Jimmy Causey could not have picked a more poetic time to make his second prison break. As the sun was setting on July 4, police say that the South Carolina inmate used drone-delivered pliers to cut his way to freedom from Lieber Correctional Institution. He then cleverly placed a dummy in his bed, fooling the guards to get one hell of a head start.
Despite the fact the Causey had about 18 hours on the cops, he only lasted about twice as long on the outside. The 46-year-old was apprehended Friday at about 4 AM by Texas Troopers who stormed the Austin motel he was hiding out in, the New York Times reports. Adding intrigue to the whole situation is the fact that during that time, the fugitive managed to accumulate about $47,000 in cash, an ID, four cellphones, and two guns, according to the Associated Press.
Authorities believe that Causey—who was sentenced to life in prison for holding a lawyer named Jack Swerling and his family hostage in 2002—orchestrated the whole thing using a cellphone he smuggled into the maximum security prison.
"We 100 percent know a cellphone was used, or multiple cellphones were used, while he was incarcerated," South Carolina Department of Corrections director Brian Stirling said at a news conference on Friday. "And we believe a drone was used to fly in the tools that allowed him to escape."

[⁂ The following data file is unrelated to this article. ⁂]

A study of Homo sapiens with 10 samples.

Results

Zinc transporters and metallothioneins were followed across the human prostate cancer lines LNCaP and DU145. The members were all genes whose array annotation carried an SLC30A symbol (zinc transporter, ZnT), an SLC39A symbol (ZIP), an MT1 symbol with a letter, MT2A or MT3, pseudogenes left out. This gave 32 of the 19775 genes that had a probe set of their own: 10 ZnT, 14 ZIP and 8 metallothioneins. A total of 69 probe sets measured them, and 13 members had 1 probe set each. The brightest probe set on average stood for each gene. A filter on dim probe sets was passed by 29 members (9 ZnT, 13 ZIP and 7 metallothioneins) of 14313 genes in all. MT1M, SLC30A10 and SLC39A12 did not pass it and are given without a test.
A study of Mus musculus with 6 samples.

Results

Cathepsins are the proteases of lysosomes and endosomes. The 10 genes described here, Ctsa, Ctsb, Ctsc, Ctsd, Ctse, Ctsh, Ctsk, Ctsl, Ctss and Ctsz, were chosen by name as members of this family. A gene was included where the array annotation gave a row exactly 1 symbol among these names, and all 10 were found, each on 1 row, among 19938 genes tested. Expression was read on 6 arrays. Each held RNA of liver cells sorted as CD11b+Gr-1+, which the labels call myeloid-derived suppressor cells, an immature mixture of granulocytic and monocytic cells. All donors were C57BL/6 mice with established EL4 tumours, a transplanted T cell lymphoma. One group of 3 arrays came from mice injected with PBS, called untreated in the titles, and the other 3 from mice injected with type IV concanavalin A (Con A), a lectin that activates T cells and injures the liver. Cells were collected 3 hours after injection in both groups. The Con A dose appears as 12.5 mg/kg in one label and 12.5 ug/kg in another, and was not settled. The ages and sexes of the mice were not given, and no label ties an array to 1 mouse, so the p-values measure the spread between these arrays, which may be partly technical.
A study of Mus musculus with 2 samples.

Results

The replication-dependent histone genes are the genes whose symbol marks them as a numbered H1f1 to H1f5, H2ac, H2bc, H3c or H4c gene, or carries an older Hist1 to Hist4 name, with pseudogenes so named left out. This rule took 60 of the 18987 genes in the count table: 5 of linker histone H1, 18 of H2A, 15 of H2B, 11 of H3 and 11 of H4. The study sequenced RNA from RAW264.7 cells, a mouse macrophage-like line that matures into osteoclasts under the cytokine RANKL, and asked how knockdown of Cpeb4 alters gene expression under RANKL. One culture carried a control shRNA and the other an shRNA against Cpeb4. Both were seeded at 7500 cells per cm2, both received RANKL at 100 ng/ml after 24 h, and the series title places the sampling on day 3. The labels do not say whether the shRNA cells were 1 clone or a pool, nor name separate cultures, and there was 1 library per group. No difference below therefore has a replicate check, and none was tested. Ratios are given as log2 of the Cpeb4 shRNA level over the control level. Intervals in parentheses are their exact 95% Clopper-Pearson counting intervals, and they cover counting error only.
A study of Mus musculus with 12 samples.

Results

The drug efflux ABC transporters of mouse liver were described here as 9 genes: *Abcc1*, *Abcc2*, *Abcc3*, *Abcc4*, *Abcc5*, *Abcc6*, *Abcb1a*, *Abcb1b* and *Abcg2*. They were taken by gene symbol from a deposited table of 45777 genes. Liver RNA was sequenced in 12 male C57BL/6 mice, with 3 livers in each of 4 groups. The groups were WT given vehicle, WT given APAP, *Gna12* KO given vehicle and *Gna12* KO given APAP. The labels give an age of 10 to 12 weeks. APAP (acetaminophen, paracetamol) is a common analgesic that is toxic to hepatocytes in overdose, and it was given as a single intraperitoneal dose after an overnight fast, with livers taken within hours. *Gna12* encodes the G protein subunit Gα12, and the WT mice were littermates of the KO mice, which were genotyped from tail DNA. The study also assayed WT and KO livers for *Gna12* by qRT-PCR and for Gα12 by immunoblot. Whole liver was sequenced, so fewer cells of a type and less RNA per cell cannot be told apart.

It's still unclear how Causey managed to get ahold of all those items. It does, however, seem like he's gotten slightly better at breaking out from behind bars since his last attempt in 2005.
That's when he and another inmate named Johnny Brewer—who was convicted of strangling his sister-in-law in 1999—hid in garbage truck that was leaving their prison. Guards realized they were gone only about two hours later after finding a set of toilet paper dummies in their bunks. A woman delivering pizza to the fugitives at a nearby motel became suspicious when she was told that her money would be left on a dresser and that she was to take it and leave.
Unfortunately, the men didn't leave enough and had to slip the woman a $5 bill through the door, which gave her enough of a glimpse to recognize a wanted man. In that instance, Causey also managed to last about two days outside before he was captured and sent back to prison.
Drones seem to pose a growing threat to prison authorities because they can't be stopped with nets or fences. In July 2015, one such robot caused chaos when it dropped five ounces of tobacco, 2.3 ounces of weed, and 0.2 ounces of heroin into a Ohio prison yard.
Although the cops might not yet be able to deal with the threat posed by drones, they seem committed to finding the people who operated the one that apparently helped Causey.
"Everyone who assisted him—we intend on bringing them to justice as well," State Law Enforcement Division Chief Mark Keel said Friday.